Alberta Premier Alison Redford. (Jeff McIntosh/THE CANADIAN PRESS)

Globe editorial

Rising and falling fortunes in Canadian federalism Add to ...

For years the perceived dominance of Ontario in Canadian federalism – along with Quebec’s quest for sovereignty – was a recipe for Western alienation. But a new study suggests that Albertans now feel their province is getting the respect it deserves. The shift is dramatic, and it is a welcome recognition that the economic power of Alberta is being embraced by the creaky institutions of Canadian federalism.

Hand-in-hand with this, of course, is a growth of dissatisfaction elsewhere, particularly Quebec and the Maritimes, as they register a decline in their influence.

The most interesting finding relates to Alberta. In the last provincial election, the opposition Wildrose Party tried to stoke the culture of grievance. It is a strategy that might well have worked before, but this time it failed to connect with voters. The plaintive cry of the past, ‘The West Wants In” has a lot less resonance with people when the West is in.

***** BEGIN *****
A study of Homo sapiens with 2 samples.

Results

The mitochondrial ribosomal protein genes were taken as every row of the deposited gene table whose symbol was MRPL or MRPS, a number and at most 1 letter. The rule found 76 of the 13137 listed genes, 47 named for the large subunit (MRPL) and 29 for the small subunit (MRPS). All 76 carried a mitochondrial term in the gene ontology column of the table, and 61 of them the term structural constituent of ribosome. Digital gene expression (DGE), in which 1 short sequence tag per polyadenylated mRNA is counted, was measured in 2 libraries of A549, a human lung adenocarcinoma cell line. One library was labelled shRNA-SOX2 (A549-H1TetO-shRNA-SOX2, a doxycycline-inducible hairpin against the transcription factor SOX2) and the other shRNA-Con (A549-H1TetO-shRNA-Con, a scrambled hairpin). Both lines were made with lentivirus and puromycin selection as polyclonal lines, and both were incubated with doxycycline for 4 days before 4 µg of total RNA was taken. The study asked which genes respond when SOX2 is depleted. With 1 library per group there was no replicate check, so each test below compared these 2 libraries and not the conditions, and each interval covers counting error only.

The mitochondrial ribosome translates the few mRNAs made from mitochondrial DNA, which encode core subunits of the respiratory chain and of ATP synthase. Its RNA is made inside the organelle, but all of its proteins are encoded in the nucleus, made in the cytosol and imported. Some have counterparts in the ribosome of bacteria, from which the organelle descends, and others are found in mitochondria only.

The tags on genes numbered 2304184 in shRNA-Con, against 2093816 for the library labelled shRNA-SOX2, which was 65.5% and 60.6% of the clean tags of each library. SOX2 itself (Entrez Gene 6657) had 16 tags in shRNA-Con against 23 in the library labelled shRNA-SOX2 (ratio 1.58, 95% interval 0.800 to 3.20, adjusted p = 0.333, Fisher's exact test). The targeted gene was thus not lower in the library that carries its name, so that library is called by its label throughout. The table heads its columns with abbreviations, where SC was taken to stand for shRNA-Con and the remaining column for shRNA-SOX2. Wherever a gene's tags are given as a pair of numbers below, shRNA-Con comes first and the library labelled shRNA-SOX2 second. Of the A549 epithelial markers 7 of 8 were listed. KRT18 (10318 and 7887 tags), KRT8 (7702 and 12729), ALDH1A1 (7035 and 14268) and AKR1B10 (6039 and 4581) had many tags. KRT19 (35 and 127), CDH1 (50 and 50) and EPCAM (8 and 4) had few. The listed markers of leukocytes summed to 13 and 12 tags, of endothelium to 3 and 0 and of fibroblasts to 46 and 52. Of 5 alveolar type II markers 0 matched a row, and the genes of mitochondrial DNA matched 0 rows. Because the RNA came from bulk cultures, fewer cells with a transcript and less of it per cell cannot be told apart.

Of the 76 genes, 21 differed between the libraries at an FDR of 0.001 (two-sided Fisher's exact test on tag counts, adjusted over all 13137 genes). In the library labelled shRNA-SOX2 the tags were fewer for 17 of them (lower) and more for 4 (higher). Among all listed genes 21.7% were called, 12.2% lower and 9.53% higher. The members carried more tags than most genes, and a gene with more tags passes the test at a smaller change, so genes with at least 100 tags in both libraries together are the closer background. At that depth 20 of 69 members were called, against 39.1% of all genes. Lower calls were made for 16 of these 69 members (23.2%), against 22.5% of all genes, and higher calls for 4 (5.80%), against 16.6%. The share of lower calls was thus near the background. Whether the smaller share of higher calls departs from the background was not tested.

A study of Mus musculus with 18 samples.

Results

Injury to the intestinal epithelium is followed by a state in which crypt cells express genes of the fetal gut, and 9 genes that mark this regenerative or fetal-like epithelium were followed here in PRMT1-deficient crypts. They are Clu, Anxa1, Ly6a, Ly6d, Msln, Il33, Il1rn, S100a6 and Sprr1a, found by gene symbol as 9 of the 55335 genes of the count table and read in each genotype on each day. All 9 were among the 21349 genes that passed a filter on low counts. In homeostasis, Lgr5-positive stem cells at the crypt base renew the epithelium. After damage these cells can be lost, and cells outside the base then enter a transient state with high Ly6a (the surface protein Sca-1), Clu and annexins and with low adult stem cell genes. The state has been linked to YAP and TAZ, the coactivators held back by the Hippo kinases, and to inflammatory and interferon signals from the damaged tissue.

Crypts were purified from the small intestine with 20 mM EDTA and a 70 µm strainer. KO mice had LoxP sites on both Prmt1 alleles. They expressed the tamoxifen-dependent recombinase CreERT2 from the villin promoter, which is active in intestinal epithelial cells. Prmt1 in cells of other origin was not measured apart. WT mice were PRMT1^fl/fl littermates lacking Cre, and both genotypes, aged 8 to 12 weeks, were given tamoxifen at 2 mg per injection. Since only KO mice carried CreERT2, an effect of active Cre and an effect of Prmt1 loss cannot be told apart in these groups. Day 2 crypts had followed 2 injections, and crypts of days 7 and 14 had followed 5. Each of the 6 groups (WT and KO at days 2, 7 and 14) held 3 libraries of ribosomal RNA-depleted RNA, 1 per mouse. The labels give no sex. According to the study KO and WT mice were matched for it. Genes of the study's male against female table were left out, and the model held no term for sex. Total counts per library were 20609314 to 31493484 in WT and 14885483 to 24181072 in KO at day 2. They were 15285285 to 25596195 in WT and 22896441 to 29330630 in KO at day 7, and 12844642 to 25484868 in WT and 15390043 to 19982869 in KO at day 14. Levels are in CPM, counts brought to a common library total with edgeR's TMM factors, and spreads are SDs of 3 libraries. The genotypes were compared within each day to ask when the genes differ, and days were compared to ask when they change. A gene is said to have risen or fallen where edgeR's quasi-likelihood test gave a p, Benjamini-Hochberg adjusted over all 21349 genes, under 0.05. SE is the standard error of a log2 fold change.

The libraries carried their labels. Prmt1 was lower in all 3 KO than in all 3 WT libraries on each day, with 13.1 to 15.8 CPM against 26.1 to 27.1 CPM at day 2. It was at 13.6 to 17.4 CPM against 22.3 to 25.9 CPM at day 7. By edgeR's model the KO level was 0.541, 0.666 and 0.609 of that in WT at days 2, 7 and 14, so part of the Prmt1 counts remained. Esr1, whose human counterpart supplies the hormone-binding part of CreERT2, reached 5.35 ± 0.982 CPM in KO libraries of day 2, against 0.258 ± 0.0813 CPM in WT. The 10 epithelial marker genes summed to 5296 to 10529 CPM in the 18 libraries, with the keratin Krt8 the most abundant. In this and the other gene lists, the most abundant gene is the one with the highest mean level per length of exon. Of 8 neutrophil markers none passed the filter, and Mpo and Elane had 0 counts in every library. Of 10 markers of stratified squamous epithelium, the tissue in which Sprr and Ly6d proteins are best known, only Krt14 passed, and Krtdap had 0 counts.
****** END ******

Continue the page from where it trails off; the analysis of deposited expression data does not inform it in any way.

It makes sense: As Alberta’s political and economic influence has grown, its sense of grievance has diminished. The study found that 61 per cent of Albertans feel their province is treated with the respect it deserves, compared with 38 per cent in 2003. What has changed in the interim? An Albertan-led Conservative government in Ottawa, for one thing. But it likely is more than politics alone. It’s a lot more difficult to quantify, but there has been an attitudinal change toward Alberta elsewhere in Canada.

Beyond Alberta, the findings portray a quite different picture. Sixty-eight per cent of Ontarians say their province is treated respectfully, down from 74 per cent in 2003, reflecting a decline in the province’s economic dominance. In Quebec, just 35 per cent feel the province is treated respectfully, and in the Maritimes, 37 per cent. The Quebec result, especially, should concern the federal government as it could serve to feed the governing PQ’s agenda.

Leger Marketing conducted the poll of 2,200 Canadians last month on behalf of the Association for Canadian Studies; the margin of error is 2.9 per cent 19 times out of 20.

The fact that no region in Canada is ever wholly content isn’t necessarily a bad thing. A majority of people still prefer a federalist model to any other.